The historic Aberdeen Pavilion at Lansdowne, once known as the “Cattle Castle,” requires rehabilitation work because of the poor condition of the roof.

The city’s built heritage committee will consider Tuesday a report for an application to alter the Aberdeen Pavilion. Included in the work are repairs to the roof, which has been leaking water for years.

“Of particular concern is the poor condition of the roof, with significant water entry through the metal roofing panels, lack of any waterproofing membranes, and subsequently, accelerated deterioration of the wood board decking visible on the building interior,” a report to the committee reads.

The Aberdeen Pavilion was built in 1893 and served as the central exhibition hall for the Central Canada Exhibition until it closed in 1987, according to the city. Council passed a resolution on July 2, 1992 to invest in the building’s restoration and reopen it for the public.

The work needed on the roof includes removing all crickets and flashings and adding a waterproofing membrane.

“The new waterproofing membrane and roofing system will provide improved durability and resistance to water entry,” the report says.

The roof isn’t the only issue that needs to be addressed – the wood double doors located on each entry of the pavilion need to be removed, and work is required on the concrete floor slab.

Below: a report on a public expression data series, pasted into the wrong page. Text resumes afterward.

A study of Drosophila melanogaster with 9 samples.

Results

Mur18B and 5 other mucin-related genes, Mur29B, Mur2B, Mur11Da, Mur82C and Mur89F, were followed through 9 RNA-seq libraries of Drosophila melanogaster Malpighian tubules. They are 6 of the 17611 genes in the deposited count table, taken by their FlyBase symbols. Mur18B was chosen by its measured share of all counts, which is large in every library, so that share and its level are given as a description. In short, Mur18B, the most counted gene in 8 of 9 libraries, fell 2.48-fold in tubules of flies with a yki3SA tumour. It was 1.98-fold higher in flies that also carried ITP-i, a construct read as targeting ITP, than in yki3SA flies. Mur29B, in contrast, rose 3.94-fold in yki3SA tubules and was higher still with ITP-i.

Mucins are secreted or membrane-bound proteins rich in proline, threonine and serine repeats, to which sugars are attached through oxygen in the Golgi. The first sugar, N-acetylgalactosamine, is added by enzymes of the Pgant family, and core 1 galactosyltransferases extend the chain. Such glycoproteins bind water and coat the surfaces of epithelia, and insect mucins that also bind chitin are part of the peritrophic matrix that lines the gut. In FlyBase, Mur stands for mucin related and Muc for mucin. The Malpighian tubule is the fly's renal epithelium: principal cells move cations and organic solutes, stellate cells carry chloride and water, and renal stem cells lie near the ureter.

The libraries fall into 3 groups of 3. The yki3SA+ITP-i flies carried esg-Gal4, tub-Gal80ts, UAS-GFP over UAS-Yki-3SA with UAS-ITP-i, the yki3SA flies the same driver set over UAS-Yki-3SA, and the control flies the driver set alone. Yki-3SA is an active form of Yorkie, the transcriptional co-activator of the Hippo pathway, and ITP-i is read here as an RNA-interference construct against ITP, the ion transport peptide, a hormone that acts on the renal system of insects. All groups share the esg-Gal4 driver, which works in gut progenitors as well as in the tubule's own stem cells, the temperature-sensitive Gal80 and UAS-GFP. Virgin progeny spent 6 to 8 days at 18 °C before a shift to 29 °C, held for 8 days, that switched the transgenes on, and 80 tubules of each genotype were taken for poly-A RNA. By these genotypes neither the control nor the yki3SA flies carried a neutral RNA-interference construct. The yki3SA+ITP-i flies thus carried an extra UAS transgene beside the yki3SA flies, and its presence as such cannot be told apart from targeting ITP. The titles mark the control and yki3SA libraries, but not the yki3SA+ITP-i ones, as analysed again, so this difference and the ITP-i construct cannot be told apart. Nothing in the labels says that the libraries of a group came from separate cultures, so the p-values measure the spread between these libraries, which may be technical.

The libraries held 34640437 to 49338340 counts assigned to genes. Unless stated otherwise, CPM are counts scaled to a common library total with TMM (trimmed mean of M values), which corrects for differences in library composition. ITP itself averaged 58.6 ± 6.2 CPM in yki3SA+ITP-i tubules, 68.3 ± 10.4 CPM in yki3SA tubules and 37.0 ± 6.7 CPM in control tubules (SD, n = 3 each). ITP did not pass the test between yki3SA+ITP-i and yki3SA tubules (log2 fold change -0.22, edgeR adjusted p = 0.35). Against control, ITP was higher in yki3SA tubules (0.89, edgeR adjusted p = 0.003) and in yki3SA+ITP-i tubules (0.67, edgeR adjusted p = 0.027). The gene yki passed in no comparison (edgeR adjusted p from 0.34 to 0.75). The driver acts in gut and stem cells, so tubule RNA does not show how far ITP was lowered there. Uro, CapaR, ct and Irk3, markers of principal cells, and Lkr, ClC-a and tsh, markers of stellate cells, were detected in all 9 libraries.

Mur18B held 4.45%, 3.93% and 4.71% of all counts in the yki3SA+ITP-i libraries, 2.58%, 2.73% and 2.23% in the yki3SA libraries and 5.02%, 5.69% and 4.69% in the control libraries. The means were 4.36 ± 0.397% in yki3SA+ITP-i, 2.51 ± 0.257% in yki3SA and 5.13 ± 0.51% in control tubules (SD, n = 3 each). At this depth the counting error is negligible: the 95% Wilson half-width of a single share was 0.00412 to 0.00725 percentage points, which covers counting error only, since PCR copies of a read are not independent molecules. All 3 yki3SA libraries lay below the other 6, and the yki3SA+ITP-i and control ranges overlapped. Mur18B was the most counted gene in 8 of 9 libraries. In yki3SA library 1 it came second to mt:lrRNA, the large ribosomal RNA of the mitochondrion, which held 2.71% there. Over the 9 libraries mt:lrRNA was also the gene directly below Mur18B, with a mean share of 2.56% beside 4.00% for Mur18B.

“It’s really important because the building does require remediation and we also need to be proactive in terms of its maintenance,” said built heritage committee chair Coun. Rawlson King in an interview.

“The heritage permit that we have that will be before heritage committee will be dealing with that, and improvements to the roof, improvements to the doors, improvements to the windows, the roof leaking.”

The roof of the Aberdeen Pavilion in Lansdowne. A report to the city’s built heritage committee says the roof requires “extensive renovations.” (Leah Larocque/CTV News Ottawa)

There isn’t a price tag yet for the work, but the city says work is expected to begin in January 2025 and take about two years to complete. King says he hopes the process moves forward quickly to avoid costs rising.

“As you know, with projects often, costs change due to changes in labor costs, material,” he said.

“With most heritage properties that were built in the previous century, it’s going to require specialists. It might require special labor, it might require special material. And so it’s important for us to make this type of investment because it is a generational asset for the city of Ottawa and it deserves preservation.”

The city declined an interview but in a statement said, “The project is currently in the design phase, and construction is set to take place in 2025 and is expected to be completed by late 2026. An updated project budget will be brought forward for consideration during the City’s budget process in Fall 2024.”

The city adds the construction will be coordinated with other activities at Lansdowne, including Lansdowne 2.0, to ensure the site’s safety.